What is Gazumping and Gazundering?

Author:
Farah Hanif
Residential Conveyancing Solicitor
Date:
26/03/2019

Gazumping

Gazumping occurs during the process of buying a house when a seller of a property accepts a buyer's offer, but they then receive a higher offer from another party and accept this new increased offer. Therefore, they’ve rejected the offer of the first buyer that had previously been accepted.

Gazumping can take place at any time during the Conveyancing transaction up to the point of exchange of contracts, as up until this point there is no legal agreement in place for the transaction to take place. The cost of any Conveyancing fees for surveys, searches and legal expenses incurred by the original buyer up to this point will be lost and are non-recoverable from the seller.


While the possibility of gazumping always exists, and is more likely if there are more buyers than sellers in the market, there are steps you can take to reduce your chances of being gazumped.

For instance, you could ask the seller to take their property off the market when you submit your offer. While they’re not obliged to do so, some may accept your request, particularly if you’ve established a good relationship with both the seller and the estate agent.

You can do this by keeping in regular contact with them, as they might be less likely to look at other offers if they know you’re actively aiming to close the deal. Also, try to proceed with the sale as quickly as possible, as this gives the seller less opportunity to pull out, and state when you offer that you want contracts to be exchanged within a set time.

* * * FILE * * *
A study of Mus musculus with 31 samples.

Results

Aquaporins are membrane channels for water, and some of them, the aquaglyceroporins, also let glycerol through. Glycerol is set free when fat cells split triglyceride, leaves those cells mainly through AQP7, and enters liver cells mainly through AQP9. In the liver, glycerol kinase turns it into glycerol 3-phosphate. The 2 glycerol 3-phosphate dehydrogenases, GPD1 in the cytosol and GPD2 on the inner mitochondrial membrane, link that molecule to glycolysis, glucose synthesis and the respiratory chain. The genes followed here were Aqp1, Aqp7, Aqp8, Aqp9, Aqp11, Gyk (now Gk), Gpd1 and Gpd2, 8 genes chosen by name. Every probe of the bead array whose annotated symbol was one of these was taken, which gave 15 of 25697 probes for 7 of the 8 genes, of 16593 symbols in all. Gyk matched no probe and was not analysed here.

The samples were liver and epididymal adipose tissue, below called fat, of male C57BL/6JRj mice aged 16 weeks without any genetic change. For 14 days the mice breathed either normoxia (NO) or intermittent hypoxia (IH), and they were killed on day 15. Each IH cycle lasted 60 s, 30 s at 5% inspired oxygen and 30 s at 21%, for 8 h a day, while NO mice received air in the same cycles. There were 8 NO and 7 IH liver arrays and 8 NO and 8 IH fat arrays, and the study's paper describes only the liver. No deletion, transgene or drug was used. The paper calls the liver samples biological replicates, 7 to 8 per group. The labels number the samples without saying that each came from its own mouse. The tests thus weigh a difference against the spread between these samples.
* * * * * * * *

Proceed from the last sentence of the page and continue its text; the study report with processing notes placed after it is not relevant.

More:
Gazundering

Gazundering relates to when, normally close to the point of exchange of contracts, the buyer will suddenly lower their offer on the property they are buying with the knowledge that should the seller not accept the lower offer, then there is a chance that the whole Conveyancing chain might collapse. As the vendor doesn’t wish for this to happen, they may be forced into accepting the reduced offer.

Try to move quickly with your sale, as proceeding quickly means there is less time for the buyer to reduce their offer. At the same time, make sure you’re selling your house at a reasonable price that reflects what’s available elsewhere on the market. Buyers will be less likely to try lowering their offer if they know they are paying a reasonable price for a property.